Six million under – The dangers of accessorial liability
A recent Federal Court decision serves as a timely reminder of the repercussions of companies employing new executives and senior managers who bring with them confidential information obtained dishonestly from their former employer.
On 12 May 2017, the Full Court of the Federal Court of Australia handed down its decision in Lifeplan Australia Friendly Society Ltd v Ancient Order of Foresters in Victoria Friendly Society Limited  FCAFC 74, finding that the Ancient Order of Foresters in Victoria Friendly Society Limited (Foresters) should account for profits generated by their funeral bonds business which was developed and managed by two former employees of rival Lifeplan Australia Friendly Society Ltd (Lifeplan).
Mr Woff and Mr Corby were both employed by Lifeplan in senior roles and prepared a Business Concept Plan (BCP) for the CEO of Foresters for the development of Foresters’ comparatively small funeral bonds business. Over the course of a number of months, Mr Woff and Mr Corby solicited the clients of Lifeplan on behalf of Foresters and developed and refined the BCP utilising the information of Lifeplan, including highly confidential rates of return and bonuses paid in the marketplace. Mr Woff and Mr Corby then resigned from their positions and jumped ship to Foresters.
The matter, which was heard on appeal, centred on whether the board of Foresters had merely observed or knowingly taken advantage of the business opportunity which arose due to a breach by Mr Woff and Mr Corby of their duties to their former employer.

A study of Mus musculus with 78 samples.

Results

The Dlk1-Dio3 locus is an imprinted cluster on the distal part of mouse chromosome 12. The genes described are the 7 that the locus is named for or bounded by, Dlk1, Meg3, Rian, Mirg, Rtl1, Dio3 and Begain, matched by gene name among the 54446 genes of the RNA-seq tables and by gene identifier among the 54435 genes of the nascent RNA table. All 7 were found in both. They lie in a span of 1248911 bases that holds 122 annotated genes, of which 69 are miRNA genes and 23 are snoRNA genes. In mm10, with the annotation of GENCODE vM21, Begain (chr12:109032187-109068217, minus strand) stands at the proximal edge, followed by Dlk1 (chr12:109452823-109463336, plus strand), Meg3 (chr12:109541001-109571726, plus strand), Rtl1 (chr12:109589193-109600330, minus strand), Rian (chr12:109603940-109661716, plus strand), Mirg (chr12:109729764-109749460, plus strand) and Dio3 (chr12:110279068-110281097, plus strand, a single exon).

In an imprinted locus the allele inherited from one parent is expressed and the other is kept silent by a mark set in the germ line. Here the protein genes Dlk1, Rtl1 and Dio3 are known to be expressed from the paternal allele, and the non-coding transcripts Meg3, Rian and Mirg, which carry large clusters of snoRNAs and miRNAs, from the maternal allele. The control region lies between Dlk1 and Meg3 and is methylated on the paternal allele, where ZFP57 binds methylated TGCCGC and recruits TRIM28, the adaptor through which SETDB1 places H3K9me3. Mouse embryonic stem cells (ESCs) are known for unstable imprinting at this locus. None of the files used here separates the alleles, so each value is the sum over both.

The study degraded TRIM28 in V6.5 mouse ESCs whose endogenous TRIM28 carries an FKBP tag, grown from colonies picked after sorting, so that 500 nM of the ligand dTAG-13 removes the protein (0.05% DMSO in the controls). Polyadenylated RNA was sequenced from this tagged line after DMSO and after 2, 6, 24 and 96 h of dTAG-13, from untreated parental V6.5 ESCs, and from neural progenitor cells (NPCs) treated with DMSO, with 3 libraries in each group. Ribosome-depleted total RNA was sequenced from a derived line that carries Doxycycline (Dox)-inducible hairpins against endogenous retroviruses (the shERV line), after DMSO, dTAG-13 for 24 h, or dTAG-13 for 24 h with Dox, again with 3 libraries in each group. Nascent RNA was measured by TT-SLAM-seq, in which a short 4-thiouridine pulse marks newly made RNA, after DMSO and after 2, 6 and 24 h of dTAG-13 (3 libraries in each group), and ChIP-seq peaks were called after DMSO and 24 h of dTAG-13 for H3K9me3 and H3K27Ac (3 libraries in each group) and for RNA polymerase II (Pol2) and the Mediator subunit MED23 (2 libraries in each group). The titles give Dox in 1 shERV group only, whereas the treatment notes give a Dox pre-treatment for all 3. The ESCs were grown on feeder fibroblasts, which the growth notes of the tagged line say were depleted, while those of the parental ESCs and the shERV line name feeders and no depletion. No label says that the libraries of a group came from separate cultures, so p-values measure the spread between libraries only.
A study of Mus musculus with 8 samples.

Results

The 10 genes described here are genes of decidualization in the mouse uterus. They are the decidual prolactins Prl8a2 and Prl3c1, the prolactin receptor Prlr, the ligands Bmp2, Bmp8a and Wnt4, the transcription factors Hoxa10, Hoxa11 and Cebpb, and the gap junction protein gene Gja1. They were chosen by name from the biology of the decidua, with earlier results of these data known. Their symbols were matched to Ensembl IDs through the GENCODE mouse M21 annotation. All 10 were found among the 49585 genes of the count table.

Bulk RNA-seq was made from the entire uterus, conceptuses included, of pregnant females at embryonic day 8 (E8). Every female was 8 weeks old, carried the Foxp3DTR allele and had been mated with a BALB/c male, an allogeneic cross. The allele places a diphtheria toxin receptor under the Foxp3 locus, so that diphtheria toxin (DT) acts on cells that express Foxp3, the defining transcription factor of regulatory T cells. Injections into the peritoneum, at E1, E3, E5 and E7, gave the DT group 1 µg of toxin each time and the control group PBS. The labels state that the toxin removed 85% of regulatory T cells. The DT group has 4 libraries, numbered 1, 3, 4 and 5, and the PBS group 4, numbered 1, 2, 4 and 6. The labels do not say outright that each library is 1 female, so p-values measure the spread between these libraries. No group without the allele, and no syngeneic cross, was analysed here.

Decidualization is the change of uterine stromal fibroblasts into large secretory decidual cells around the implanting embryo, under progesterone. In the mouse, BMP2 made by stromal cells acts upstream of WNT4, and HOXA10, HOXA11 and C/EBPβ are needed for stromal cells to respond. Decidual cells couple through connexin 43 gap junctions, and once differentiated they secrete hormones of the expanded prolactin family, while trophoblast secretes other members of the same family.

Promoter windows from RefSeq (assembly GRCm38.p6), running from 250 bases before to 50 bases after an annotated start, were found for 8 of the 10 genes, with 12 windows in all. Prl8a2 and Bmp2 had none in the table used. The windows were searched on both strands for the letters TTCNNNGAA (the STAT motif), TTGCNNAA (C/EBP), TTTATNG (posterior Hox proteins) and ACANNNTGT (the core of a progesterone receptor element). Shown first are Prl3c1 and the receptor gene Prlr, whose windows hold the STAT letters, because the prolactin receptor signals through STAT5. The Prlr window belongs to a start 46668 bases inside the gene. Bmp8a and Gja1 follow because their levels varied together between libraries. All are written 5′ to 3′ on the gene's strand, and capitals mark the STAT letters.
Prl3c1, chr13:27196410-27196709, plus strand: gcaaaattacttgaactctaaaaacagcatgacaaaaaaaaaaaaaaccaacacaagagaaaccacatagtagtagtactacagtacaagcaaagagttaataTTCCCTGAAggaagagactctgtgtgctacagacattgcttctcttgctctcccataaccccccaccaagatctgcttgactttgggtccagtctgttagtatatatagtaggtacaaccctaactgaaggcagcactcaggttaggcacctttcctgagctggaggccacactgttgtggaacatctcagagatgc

The Court found that there was a causal relationship between the breach of duties and the profit generated, that Foresters had knowingly acted upon the information and done so because of the unique opportunity it presented, and that they were complicit in the steps taken in preparation for the employees jumping ship to pursue the opportunity with Foresters.
As a result, the court held Foresters would not have made the profits without Mr Corby and Mr Woff taking advantage of their previous positions and without the confidential information taken from Lifeplan. The Court ordered Foresters to account for the capital profit during the period covered by the BCP (less 6 months) which was assessed to be $6.2 million.
This decision serves as a timely reminder for company directors and officers of the ramifications of accessory liability in equity and under section 79 of the Corporations Act 2001 (Cth) when dealing with confidential information knowingly and dishonestly obtained from an employee’s former employer.